Social Change begins as an individual undertaking. Within our understanding of emergence, it could be no other way. The “I” must change before the “We” can successfully interact and afford an emergent change. There is no “US” changing “THEM.” There is “I” changing and “We” interacting from that changed perspective. What emerges from that is an adjacent opportunity to move forward, to let go, and when necessary, to forgive. These are not the only possibilities, but when taken, these steps fertilize the ground so that inspiration and action can be seeded and grow. That act then engages the growth and participation of still others, and what began as an individual change in thinking, can lead to a social movement of monumental proportions.

With that in mind, we gathered at Adelphi University this spring to further the emergent process seeded by both the social entrepreneurial community and those who have spent a similar amount of time looking into the world of complex adaptive systems. It certainly made sense on paper, and the good news is, it made a lot of sense in person, too. While there were certainly areas where both perspectives had to learn new ideas, it became evident early on that the concepts being shared were wholly aligned.

As one who has his feet planted in both of these camps, my responsibility was to be a bridge-builder. An easy assignment when there is an agreed-upon desire to meet and the energy emerging from the interchange is high. It is this notion of meeting that Irene de Castillejo describes in her book, Knowing Woman, as being so essential for vital and energizing interactions to take place in any context: “We are only exhausted when talking to other people if we do not meet them, when one or both of us are hiding behind screens. On the rare occasion when we are fortunate enough to meet someone, there is no question of fatigue. Both are refreshed because something has happened. It is as though a door had opened, and life suddenly takes on new meaning.”

Doors were flying open all around our Adelphi meeting rooms. New interactions spawned new and deeper connections, and new opportunities flourished. That was certainly my experience. Of course, as a featured speaker, I had an advantage, perhaps, over some. People were more willing to approach me and find a place where something could happen. And it is also true that over the past few years, this column, in particular, has focused on that meeting place of complexity and social entrepreneurs. So when Jeff, Jim and Joyce asked me to participate, I was ready for the meeting and for something new and emergent to happen.

This is the call to action that is now echoing across the United States. It is the call to make something happen that will improve the world we encounter. There has also been a great deal of talk about the need for change coming out of our political discourse. Each side has staked out its own ground and proclaimed its rightful place on either side of the bridge. We hear calls from both sides saying “we can find non-partisan ways of working together as long as you agree with my point of view.” Few are surprised that there is no real meeting taking place, in spite of the rhetoric. It’s not really wanted, and so no real change will emerge from this antagonism and resentment.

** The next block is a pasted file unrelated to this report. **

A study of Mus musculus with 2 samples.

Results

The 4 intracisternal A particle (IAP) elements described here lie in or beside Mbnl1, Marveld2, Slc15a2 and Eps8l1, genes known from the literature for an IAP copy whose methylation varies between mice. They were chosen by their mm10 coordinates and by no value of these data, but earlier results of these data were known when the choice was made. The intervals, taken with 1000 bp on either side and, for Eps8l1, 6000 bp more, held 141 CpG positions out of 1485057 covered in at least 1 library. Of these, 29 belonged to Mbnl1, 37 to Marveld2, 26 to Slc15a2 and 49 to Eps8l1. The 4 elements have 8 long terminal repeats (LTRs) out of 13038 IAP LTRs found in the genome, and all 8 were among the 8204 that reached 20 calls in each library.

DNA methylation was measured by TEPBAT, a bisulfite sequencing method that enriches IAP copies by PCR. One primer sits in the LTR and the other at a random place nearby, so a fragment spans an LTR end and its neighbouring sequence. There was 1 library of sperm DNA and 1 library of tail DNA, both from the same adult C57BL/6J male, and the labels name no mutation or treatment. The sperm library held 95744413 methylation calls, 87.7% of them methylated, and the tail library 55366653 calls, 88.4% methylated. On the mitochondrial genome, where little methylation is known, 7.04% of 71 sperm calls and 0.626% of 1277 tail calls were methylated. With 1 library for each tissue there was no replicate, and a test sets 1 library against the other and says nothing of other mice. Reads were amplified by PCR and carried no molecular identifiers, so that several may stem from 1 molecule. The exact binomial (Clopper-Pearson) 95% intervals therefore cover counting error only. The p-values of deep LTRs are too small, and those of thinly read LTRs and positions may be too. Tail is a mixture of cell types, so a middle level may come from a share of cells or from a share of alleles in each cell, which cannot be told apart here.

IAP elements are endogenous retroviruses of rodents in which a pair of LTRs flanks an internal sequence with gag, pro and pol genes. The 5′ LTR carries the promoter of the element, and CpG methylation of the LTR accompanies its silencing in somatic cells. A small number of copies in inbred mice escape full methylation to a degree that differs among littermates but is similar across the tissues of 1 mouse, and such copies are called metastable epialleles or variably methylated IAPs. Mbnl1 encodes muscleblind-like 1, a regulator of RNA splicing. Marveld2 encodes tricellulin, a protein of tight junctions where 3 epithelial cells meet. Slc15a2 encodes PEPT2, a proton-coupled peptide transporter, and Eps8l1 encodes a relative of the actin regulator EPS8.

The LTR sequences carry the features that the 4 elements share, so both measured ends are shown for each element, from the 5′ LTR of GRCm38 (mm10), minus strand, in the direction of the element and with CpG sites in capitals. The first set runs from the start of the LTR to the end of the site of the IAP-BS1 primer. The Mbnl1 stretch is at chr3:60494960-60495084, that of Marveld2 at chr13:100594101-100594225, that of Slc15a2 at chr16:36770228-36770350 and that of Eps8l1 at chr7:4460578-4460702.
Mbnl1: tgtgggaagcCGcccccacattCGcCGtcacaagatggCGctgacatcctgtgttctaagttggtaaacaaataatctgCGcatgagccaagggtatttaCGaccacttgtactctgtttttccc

The question, of course, is not that change needs to take place, which is the extent of the political discourse, but a more clear understanding of how change happens. What then is the meeting that must take place out of which real cultural change can emerge?

For me, the discourse at the Adelphi conference gave rise to an appropriate level of thinking that demonstrated not only where change needs to happen, but also the basis for the how of cultural change. What drives change is our sense of loss or injustice. We come to the threshold of change once we are willing to forgive and/or let go. Without this element in the meeting process, where the connection to the “WE” lives and real change happens, we build a bridge to nowhere. This is why the political discourse ends at the threshold. We have become unable to forgive or let go of our hard-pressed and cherished beliefs that we have the most righteous stand. When righteousness and solidity of thought prevails, there can be no change.

Once we are able to forgive and let go of that righteousness, real inspiration can emerge and action can begin to take root. As that action becomes evident, it begins to attract others and meeting, collaboration and partnerships can be formed. However, it is imperative to understand that the key to any movement of change is our ability to say “no” to as few as possible. So many cultural change movements exclude when they should include. It is within the complex meeting and interactions of those involved in the movement that what emerges is greater than the sum of the parts. We know this. It is what the conference on Complexity and Social Entrepreneurship at Adelphi was all about. Now, we have to begin looking to include more, to broaden the bridge so that more people can find a place of meeting, and greater cultural change can be allowed to happen.

Movements do not grow by excluding one another, they grow the more we say yes to one another, even when it means we have to learn to forgive and let go of the rightness we feel we own. Without that ability to cross the threshold of change, inspiration cannot emerge, and there can be no effective or successful social change to follow.

The conference on Complexity and Social Entrepreneurship was a great start. Congratulations to Jeff Goldstein, Jim Hazy, and Joyce Silberstang for their hard work. I look forward to an even larger event next year as the movement gains even greater momentum.